Why I Quit My Job to Freelance — And You Might Consider Quitting, Too
I used to be just like you. My old job as an executive recruiter meant long hours with little to show for my work. I was working my tail off and making a lot of money for the companies that employed me, but I wasn’t profiting at all. If you’re like me, that sounds about as appealing as actually eating those proverbial sour grapes.
Because I’ve always had a bit of an entrepreneurial spirit, I let it take hold of me. My drive to build something of my own motivated me to go the freelance route. I sold my car, moved to a smaller apartment, and cut my bills in half. Everything grew from there.
So when I say freelancing is a real, valid job, I’m speaking from experience.
Some people think freelancers aren’t truly employed. They think — or maybe just want to believe — that there’s no way to work from home and make enough money to pay the bills, save for retirement, and have insurance. But that’s not the case.
What Makes Freelancing Better Than Corporate Life
Several benefits come from freelancing that simply can’t be experienced in a corporate environment, such as having the freedom to turn down bad assignments and collaborate on your own terms.
For example, if you’re a freelance copywriter and three projects hit your desk at the same time, you can choose which ones to take and which to turn down. If the first two projects offer great pay, but the third one does not, you can tell the third client, “Sorry, but my plate is too full.” Good luck saying that to your boss in your corporate job.
It may seem like you don’t have much human interaction in a freelance setting, but that’s not true, either. Depending on your business, you may work with numerous clients and contractors every day. You can share an office with someone downtown if you want, and you’re free to mix in lunch dates with your friends. The freelance lifestyle is sometimes portrayed as lonely, but it most definitely isn’t.
These are just a few of the perks of working for yourself that you’ll never experience in a corporate setting. Do some more research to find out whether, for you personally, the benefits that freelancing can offer outweigh those provided by more traditional career paths. The personal and professional benefits can be incredible.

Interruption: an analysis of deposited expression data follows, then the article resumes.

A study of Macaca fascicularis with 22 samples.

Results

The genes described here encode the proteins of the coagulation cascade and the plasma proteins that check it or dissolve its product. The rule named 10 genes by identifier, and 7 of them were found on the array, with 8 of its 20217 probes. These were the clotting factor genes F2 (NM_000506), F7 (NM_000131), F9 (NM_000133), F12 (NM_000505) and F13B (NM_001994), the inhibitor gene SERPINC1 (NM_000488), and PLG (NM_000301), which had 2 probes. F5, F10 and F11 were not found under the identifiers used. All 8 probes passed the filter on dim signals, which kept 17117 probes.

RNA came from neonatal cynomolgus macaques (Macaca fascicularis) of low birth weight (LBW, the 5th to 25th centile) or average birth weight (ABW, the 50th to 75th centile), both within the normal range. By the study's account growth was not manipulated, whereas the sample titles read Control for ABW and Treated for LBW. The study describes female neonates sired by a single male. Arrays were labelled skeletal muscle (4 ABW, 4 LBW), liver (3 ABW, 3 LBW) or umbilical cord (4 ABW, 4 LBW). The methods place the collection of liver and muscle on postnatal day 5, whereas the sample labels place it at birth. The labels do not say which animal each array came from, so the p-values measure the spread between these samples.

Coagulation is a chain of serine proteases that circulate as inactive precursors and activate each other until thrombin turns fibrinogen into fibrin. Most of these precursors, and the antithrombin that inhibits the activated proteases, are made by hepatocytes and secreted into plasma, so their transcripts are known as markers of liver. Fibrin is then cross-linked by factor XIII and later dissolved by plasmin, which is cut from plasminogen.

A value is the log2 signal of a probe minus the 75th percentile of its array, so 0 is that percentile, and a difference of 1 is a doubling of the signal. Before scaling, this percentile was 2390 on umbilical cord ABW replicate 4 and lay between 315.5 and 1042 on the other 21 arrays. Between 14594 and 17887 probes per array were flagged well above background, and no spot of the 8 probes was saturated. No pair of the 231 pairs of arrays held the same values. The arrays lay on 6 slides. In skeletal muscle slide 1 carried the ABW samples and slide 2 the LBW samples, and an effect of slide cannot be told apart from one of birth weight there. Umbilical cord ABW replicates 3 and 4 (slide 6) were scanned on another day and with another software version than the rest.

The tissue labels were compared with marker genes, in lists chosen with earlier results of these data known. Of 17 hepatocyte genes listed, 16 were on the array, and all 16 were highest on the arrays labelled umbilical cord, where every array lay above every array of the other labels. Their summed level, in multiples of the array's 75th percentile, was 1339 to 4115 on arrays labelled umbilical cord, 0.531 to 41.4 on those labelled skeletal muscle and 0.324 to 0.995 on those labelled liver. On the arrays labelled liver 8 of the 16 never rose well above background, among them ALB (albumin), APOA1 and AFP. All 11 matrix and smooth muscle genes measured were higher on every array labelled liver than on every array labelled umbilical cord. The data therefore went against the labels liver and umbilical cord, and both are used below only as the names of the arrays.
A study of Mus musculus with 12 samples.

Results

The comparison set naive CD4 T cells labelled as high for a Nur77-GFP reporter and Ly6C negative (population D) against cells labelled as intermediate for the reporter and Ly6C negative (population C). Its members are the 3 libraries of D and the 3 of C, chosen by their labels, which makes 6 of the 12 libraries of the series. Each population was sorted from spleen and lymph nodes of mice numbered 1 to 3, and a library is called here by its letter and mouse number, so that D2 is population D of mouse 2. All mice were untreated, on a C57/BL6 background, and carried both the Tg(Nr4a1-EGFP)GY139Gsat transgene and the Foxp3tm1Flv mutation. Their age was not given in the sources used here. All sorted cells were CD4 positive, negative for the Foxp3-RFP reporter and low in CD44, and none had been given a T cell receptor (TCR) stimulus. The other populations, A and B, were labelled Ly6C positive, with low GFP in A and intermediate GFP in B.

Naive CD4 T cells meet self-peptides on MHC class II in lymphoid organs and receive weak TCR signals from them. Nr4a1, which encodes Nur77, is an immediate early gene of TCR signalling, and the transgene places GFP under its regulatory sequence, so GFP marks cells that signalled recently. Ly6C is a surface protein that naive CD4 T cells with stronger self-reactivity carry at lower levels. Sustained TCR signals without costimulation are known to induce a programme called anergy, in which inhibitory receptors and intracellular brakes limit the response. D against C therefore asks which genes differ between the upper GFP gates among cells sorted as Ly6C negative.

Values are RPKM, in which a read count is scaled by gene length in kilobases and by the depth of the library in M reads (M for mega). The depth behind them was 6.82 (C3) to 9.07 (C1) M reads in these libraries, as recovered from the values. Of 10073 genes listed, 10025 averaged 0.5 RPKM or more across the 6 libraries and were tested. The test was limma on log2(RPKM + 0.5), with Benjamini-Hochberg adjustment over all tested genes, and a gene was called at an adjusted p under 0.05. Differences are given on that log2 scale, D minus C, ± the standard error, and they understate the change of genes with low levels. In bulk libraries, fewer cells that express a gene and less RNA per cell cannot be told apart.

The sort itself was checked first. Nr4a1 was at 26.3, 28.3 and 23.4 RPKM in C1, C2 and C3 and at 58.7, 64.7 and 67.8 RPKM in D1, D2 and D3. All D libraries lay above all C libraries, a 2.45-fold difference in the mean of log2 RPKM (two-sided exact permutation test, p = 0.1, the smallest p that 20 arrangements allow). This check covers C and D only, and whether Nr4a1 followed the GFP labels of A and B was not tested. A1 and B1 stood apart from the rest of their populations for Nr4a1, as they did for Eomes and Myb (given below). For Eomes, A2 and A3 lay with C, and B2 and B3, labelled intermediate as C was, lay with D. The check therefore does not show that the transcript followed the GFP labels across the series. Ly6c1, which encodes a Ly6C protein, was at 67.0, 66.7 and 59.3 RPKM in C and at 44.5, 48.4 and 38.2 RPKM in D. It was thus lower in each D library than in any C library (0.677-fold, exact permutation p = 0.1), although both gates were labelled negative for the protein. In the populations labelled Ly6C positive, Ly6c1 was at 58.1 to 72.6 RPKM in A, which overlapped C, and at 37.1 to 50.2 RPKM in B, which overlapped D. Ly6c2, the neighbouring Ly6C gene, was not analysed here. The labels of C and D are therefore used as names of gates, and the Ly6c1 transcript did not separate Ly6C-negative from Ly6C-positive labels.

If you’re considering taking the freelance path, don’t just dive in headfirst. You need to ask a few questions to determine whether freelancing is right for you:
- Can I make enough money to survive? This isn’t Silicon Valley, where you raise millions of dollars for your software idea, then work on it until the money runs out. If you’re considering going out on your own, you should keep your day job while you build up your side business. I know this might not be the advice you want to hear, but it’s practical — and you should take it.
- Is there a market for my service? You may be the best ventriloquist you know, but can you make enough money performing your skill to consider your act a business? Test the waters by Googling the type of service you’re planning to offer. Make the search specific to your area. Talk to potential clients and your friends. Hammer out the details of your idea before taking the plunge.
- Am I disciplined enough for the freelance lifestyle? Does working freelance mean sleeping until 11 a.m. and knocking off at 3 p.m.? Unless you’re making an amazing hourly rate, freelancing doesn’t mean sitting around in your pajamas and completing the occasional project. Be prepared to motivate yourself to work hard.
Are You Ready to Make the Leap?
People get stuck in their ways; they think you can’t make money online or believe that the Internet is full of nothing but scammers. But if you know what to look for and which resources to use, freelancing opens up a whole world of possibilities. You truly can do full-time work from home and make plenty of money.
However, it’s important to understand that you need to be prepared to work hard. Freelancing is a grind. I left the corporate world because I knew I could do better for myself, not because I wanted an easier job. But don’t let fear or misunderstandings hold you back. Freelancing was, without a doubt, the right path for me — and it could be the best one for you, too.